A British tourist visiting a French vineyard spotted a truck converted from a 1924 Citroen B12 9cv car abandoned and rusting in a thistle and bramble patch. Subsequently imported to the UK, the Citroen has a wonderful tale to tell and is coming up for sale with H&H Classics on April 14 at the Imperial War Museum, Duxford. It is being sold with ‘No Reserve’.
Take a look here!
After relocating to Britain the Citroen has been much used in film and television about the WW2 period in France. When the truck was recovered and brought to the UK in the early nineties it was restored...however, it was subsequently sold on and in the intervening years has deteriorated and now needs restoring again hence ‘No Reserve’.
The wreck came with an intriguing story that slowly emerged during a long wine tasting session at the vineyard where it was found. The Citroen car had been converted to a light truck to ensure a petrol supply from the German occupiers who only issued petrol to commercial vehicles used in food production and other vital services, but none for private vehicles. They hoped that by providing the French vineyard owners with fuel for their vehicles it would assure them of a better quality of wine.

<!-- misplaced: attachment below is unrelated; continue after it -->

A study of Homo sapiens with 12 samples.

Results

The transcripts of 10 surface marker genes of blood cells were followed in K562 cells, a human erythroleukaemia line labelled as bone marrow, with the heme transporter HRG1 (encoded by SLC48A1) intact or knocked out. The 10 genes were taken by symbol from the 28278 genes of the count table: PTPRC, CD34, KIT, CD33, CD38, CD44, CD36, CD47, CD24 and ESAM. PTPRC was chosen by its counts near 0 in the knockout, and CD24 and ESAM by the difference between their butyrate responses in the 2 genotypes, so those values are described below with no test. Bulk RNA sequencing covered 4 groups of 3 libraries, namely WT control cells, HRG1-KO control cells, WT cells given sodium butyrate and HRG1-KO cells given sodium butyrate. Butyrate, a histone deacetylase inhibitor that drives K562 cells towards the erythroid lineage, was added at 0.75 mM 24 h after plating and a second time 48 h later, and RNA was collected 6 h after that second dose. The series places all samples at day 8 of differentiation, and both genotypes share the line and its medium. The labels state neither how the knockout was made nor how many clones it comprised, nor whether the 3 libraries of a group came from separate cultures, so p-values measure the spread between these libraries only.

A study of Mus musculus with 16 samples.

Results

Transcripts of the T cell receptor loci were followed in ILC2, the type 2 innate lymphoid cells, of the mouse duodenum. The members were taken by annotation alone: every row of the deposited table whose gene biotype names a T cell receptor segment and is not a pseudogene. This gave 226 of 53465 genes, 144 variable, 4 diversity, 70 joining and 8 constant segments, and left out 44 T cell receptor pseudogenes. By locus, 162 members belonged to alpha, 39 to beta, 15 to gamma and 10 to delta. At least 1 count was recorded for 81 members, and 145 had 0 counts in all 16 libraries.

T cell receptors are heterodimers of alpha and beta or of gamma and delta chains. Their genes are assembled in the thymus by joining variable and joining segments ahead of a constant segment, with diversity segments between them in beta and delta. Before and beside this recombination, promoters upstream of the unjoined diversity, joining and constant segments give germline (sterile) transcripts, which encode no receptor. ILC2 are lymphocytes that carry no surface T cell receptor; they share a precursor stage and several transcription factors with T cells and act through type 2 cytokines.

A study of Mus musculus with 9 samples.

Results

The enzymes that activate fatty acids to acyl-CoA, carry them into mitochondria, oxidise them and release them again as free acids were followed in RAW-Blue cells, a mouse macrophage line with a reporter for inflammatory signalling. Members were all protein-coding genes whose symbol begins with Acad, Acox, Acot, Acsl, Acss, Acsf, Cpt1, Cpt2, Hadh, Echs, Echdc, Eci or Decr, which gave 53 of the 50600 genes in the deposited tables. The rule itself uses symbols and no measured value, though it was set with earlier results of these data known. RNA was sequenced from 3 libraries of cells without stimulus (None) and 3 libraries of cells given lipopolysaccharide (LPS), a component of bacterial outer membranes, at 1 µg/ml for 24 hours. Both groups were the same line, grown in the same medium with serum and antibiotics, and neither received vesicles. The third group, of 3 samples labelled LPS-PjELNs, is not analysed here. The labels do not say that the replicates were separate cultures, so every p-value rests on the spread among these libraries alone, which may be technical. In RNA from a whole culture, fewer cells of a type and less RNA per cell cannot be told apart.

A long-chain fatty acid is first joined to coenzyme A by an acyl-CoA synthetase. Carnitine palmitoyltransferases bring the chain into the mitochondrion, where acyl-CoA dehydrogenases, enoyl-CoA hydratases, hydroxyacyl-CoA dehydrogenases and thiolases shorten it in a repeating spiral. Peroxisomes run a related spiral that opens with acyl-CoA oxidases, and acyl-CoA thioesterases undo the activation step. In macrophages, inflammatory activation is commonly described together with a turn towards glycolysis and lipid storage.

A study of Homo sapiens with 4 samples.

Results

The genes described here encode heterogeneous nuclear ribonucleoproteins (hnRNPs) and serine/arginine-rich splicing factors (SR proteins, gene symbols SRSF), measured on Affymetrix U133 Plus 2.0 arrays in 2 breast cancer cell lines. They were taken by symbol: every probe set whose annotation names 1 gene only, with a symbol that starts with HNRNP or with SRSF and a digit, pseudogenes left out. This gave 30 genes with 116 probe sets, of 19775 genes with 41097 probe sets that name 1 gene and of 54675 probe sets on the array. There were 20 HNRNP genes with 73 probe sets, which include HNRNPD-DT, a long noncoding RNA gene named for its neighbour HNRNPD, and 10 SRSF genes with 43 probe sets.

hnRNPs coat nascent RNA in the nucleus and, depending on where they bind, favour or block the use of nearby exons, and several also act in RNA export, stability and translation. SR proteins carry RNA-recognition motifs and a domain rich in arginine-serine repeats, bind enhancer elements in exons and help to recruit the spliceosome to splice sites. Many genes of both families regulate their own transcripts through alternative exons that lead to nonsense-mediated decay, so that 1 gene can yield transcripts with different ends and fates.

The truck was emblazoned with the sign of the Free French Resistance movement.
Ernest Carrier the vineyard owner near Bordeaux where the truck was found said it had belonged to his father who used it every day on the farm – and at nights on occasion it was used by the Resistance.
John Markey of H&H Classics, comments: “Whoever secures this unique and historically interesting vehicle will not only own a very rare converted Citroen but have a truck that was used by the French Resistance and is now in demand by filmmakers. There are not too many like this!”